Dr Cinzia Gianetti currently works as a postdoctoral researcher in the CHERISH-DE project at Swansea University, providing research support to a range of multidisciplinary projects in the area of data mining and computer security. From September 2016 she will join the College of Engineering at Swansea University as a Senior Lecturer in the Zienkiewicz Centre for Computational Engineering (ZCCE). The main focus of her research is the development of autonomous, collaborative and intelligent production systems by using knowledge-intensive and advanced ICT technologies. In collaboration with other researchers at Swansea University, Cinzia has contributed to the development of a novel methodology that combines predictive analytics and organizational knowledge management to support quality improvement of manufacturing processes. She is actively researching in the area of Internet of Things (IoTs) and Big Data for engineering and medical applications. In the Soapbox Science event in Swansea she will give some insights on how Big Data and sensor technologies can improve our lives.
SS: Cinzia, how did you get to your current position?
CG: During my undergraduate studies in Applied Mathematics, I became interested in algorithm development and software programming and I decided to pursue a career in Software Engineering. After graduating I worked for ten years as a Software Engineer in senior roles for large organisations. Having moved to Swansea for family reasons I decided to take up the opportunity to study for an Engineering Doctorate (EngD) in Manufacturing Informatics at Swansea University and successfully completed my doctoral studies last year. Although I had never considered a career in academia before, during my EngD I realised that I like the challenges and opportunities of working as a researcher. After only one year of postdoctoral research, I am now very excited to start in a new academic position as a Senior Lecturer in Engineering at Swansea University, starting from September.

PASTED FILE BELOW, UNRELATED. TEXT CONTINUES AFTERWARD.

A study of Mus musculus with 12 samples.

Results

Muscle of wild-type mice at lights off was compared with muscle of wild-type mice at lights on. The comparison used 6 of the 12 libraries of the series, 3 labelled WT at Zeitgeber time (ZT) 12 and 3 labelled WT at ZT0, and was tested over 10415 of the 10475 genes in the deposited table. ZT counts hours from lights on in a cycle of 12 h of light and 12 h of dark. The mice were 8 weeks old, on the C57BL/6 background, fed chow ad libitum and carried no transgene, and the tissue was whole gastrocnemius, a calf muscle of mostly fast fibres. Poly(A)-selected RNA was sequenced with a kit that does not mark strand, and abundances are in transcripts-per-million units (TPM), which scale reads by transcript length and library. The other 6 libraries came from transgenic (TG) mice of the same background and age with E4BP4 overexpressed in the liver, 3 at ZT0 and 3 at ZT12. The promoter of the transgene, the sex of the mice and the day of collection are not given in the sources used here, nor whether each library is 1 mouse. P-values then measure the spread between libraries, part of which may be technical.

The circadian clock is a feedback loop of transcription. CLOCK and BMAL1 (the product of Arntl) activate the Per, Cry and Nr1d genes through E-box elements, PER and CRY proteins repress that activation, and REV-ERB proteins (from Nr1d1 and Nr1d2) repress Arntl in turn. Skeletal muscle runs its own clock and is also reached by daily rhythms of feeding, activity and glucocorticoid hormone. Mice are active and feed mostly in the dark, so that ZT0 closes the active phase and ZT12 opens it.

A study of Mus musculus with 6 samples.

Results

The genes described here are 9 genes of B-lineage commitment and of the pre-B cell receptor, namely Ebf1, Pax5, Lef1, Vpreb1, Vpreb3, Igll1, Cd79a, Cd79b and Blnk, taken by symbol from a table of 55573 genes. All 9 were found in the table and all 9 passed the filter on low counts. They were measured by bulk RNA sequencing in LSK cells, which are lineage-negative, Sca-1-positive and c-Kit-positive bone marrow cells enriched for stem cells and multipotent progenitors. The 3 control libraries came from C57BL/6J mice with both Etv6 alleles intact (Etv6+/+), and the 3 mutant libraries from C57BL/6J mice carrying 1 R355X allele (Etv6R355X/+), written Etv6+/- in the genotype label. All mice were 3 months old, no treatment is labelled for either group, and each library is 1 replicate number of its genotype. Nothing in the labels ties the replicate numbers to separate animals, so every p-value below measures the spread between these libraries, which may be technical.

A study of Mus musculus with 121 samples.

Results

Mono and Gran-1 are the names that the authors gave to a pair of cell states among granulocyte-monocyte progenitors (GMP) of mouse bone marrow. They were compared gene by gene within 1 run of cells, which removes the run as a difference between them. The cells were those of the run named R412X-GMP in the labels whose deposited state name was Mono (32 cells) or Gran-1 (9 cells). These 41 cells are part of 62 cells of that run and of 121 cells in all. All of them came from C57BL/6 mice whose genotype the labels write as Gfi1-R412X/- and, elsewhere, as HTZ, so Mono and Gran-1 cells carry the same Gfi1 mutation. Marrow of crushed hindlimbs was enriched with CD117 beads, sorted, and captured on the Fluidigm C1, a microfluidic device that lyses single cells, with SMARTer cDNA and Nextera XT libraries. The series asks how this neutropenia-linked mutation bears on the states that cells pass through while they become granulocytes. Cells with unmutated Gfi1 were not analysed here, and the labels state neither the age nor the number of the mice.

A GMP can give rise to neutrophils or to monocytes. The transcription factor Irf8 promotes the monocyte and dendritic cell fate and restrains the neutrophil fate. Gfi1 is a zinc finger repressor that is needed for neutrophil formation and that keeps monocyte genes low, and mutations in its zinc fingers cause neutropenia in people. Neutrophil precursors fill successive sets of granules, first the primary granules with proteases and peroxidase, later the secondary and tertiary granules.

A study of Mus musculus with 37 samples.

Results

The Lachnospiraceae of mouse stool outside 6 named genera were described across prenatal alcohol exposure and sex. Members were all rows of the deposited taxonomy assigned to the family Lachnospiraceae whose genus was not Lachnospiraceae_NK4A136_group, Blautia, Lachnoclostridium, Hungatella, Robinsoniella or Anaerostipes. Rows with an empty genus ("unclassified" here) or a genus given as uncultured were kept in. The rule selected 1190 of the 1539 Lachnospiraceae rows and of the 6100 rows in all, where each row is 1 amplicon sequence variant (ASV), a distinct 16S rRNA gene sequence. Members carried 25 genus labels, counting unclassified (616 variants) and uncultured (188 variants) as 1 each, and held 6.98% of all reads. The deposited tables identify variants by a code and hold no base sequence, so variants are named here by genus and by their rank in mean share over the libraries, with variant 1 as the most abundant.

SS: What, or who, inspired you to get a career in science?
CG: I have always loved science and especially Mathematics since I was a little girl. My dad, now retired, used to work as a telecommunications technician for the Italian Navy. I have always been fascinated by his technical capabilities and especially his broad knowledge about telecommunication systems and computers. Funnily enough my first job as a Software Engineer was actually in a leading telecommunication company. Of course the support and encouragement of my family (especially my husband) has been crucial for me to complete my doctoral studies and follow a career path in academia.
SS: What is the most fascinating aspect of your research/work?
CG: I work as part of a multidisciplinary team to solve complex engineering problems. My research focuses on the development of autonomous and intelligent systems to support smart production processes. I like developing new algorithms that use large volumes of data to predict system behaviour and aid the development of more efficient production systems. I especially enjoy using mathematics to model real word engineering systems and subsequently use these models to optimise system performance, for instance, improving use of resources, reducing industrial waste and environmental impact. I like spending time tackling scientific and technical challenges and hopefully provide suitable solutions that can create a wider impact for our society.
SS: What attracted you to Soapbox Science in the first place?
CG: I have been lucky to have had the opportunity and encouragement to pursue a career in science and engineering since an early age. Having a teenage daughter, I realise that, despite the fact that many girls are doing well in STEM subjects, they do not consider pursuing a career in science or engineering. I hope initiatives like Soapbox Science will help young girls to become more confident to follow a career path in science and engineering.
SS: Sum up in one word your expectations for the day
SS: If you could change one thing about the scientific culture right now, what would it be?
CG: Improve mentoring for early career researchers to help them to plan and develop career paths in research. Also improve job security with longer fixed term contracts and more competitive salaries.
SS: What would be your top recommendation to a female PhD student considering pursuing a career in academia?
CG; Working in academia requires commitment and working long hours. Regular travelling is also required. For a young female researcher, a career in academia may seem incompatible with raising young children. My suggestion to a young female with both family and career aspirations is to not give up one at the expense of the other. Consider working part time for a few years taking advantage of family friendly policies offered by Universities. A career break to raise children can also be an opportunity to start a new and exciting job.